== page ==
Feature Article - April 2004

The best risk management practices for pool and waterpark safety

By Kim Tobin


Detection tools

While drowning prevention is a task that humans take seriously, it's being aided with the help of machines specifically designed for the task as well. New safety monitoring systems include underwater cameras that provide images of a pool bottom to help staff monitor bodies in the water, while others use motion detection that sets off an alarm if a swimmer is on the bottom for too long. With their role in providing additional drowning protection, the devices should always be just aids, however, and should never replace qualified, vigilant staff.

"It's an enhancement to reduce risk," adds Dave Schwartz, P.E., a licensed engineer and owner of Water's Edge Aquatic Design, an aquatic facility master-planning firm in Lenexa, Kan. "But, like any other device, you've got to use it correctly. If there are multiple pools, you have seconds to look for someone, and if you have to spend minutes looking for someone, that's an issue. The systems have applications for indoor facilities, where someone's not necessarily on deck all of the time but is in an office."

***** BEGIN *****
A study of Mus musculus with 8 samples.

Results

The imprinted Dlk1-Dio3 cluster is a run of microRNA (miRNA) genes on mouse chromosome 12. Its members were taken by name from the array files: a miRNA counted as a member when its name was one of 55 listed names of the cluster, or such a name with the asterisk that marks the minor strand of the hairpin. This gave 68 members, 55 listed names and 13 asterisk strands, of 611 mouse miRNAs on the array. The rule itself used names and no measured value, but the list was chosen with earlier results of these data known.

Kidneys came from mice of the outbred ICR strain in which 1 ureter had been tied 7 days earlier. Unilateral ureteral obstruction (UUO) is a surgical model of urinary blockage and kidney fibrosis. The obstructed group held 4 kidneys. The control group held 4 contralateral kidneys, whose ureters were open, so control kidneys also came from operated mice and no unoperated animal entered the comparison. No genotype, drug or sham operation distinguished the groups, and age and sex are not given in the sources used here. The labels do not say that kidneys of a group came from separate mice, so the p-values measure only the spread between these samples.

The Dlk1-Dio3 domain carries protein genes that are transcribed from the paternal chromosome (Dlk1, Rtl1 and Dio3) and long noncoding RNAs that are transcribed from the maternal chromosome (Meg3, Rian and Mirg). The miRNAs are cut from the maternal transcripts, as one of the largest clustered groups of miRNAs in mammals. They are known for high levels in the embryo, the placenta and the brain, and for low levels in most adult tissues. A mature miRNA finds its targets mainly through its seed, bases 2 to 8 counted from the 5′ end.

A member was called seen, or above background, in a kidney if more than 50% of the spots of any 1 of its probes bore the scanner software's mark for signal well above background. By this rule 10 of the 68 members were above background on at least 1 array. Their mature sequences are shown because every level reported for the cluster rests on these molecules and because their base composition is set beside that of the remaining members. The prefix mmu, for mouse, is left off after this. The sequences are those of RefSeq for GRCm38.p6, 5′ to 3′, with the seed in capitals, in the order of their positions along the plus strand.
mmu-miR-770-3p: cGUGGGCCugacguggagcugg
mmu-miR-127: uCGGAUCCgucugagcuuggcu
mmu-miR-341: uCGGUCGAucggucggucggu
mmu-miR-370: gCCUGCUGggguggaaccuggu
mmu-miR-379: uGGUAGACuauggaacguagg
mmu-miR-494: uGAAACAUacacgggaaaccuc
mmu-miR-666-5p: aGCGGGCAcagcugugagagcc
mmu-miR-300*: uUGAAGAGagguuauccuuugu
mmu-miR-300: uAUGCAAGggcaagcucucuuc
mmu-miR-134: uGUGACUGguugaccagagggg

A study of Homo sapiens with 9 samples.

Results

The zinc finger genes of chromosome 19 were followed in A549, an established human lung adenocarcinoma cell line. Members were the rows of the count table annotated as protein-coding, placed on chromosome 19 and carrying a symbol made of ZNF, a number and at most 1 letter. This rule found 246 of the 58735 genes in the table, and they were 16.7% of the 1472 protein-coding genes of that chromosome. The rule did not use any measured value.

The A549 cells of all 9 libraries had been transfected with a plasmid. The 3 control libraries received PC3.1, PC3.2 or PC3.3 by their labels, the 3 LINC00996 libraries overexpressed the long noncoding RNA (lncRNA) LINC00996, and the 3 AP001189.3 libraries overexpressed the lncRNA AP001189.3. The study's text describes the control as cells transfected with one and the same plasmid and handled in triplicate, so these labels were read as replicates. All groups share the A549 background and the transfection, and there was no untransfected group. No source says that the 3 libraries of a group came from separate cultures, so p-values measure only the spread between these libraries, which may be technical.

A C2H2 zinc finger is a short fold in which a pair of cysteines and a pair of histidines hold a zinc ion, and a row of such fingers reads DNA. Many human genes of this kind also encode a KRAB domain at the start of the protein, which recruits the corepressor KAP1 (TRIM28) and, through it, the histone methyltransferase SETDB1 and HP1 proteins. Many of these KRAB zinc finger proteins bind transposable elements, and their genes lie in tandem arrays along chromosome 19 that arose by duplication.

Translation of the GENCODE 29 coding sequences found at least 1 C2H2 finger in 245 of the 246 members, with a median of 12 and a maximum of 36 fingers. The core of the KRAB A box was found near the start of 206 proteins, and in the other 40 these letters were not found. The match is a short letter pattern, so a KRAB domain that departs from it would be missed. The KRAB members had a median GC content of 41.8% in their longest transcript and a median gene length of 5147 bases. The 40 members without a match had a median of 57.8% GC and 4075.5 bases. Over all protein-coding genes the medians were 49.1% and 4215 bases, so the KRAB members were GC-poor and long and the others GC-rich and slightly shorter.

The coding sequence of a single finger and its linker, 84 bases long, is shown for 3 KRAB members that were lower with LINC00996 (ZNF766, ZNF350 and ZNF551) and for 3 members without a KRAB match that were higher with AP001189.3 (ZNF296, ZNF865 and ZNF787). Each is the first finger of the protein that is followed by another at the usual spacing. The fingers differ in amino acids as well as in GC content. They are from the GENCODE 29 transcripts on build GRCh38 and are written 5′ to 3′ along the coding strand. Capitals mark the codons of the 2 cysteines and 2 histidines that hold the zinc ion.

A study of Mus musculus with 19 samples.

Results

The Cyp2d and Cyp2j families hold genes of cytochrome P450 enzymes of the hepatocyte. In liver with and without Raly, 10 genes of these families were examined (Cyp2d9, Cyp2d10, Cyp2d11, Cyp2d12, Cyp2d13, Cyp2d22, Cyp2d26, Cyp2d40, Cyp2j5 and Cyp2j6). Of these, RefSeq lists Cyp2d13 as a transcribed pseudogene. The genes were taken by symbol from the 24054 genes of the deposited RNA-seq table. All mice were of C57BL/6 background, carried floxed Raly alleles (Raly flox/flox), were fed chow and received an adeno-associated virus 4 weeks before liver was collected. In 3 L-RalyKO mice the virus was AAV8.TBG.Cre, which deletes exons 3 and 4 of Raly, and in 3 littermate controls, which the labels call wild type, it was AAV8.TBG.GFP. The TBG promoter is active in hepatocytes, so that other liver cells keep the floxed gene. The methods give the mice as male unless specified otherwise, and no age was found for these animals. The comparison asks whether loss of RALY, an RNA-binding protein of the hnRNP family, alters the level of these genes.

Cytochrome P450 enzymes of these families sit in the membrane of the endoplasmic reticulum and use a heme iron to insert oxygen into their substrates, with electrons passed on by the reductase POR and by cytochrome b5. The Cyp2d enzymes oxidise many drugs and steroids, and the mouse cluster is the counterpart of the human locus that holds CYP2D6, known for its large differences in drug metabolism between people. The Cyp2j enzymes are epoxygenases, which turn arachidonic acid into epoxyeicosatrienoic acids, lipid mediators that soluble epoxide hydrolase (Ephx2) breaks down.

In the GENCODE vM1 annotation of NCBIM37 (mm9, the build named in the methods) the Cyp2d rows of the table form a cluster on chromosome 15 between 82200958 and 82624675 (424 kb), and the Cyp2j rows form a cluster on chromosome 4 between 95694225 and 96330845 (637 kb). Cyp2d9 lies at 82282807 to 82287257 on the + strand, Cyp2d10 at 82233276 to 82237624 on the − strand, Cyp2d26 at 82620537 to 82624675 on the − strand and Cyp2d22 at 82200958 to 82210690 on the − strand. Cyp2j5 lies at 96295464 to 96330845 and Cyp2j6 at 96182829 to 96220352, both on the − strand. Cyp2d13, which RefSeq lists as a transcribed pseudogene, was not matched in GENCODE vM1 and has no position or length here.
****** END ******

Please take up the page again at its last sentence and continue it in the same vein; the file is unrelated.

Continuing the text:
"The systems can be expensive, but not as much as a law suit," adds Robert D. Clayton, Ed.D., president of Aquatic Partners, a risk management consulting and education firm in Ft. Collins, Colo. "Although they're not very common yet, they are invaluable in sites like waterparks, where everyone has an inner tube, and you can't see the bottom. They can definitely help enhance safety in such situations."

They also can help with another glaring issue.

"Underwater surveillance is also desirable for indoor pools that have glare on the water (architects just love to put up glass sliding panels so that bathers can go outside and sun)," Clayton says. "Unfortunately, it means that glare obscures a large section of the pool. Lifeguards cannot see the bottom, and a person could be underwater until some swimmer or person looking from a different angle sees the victim."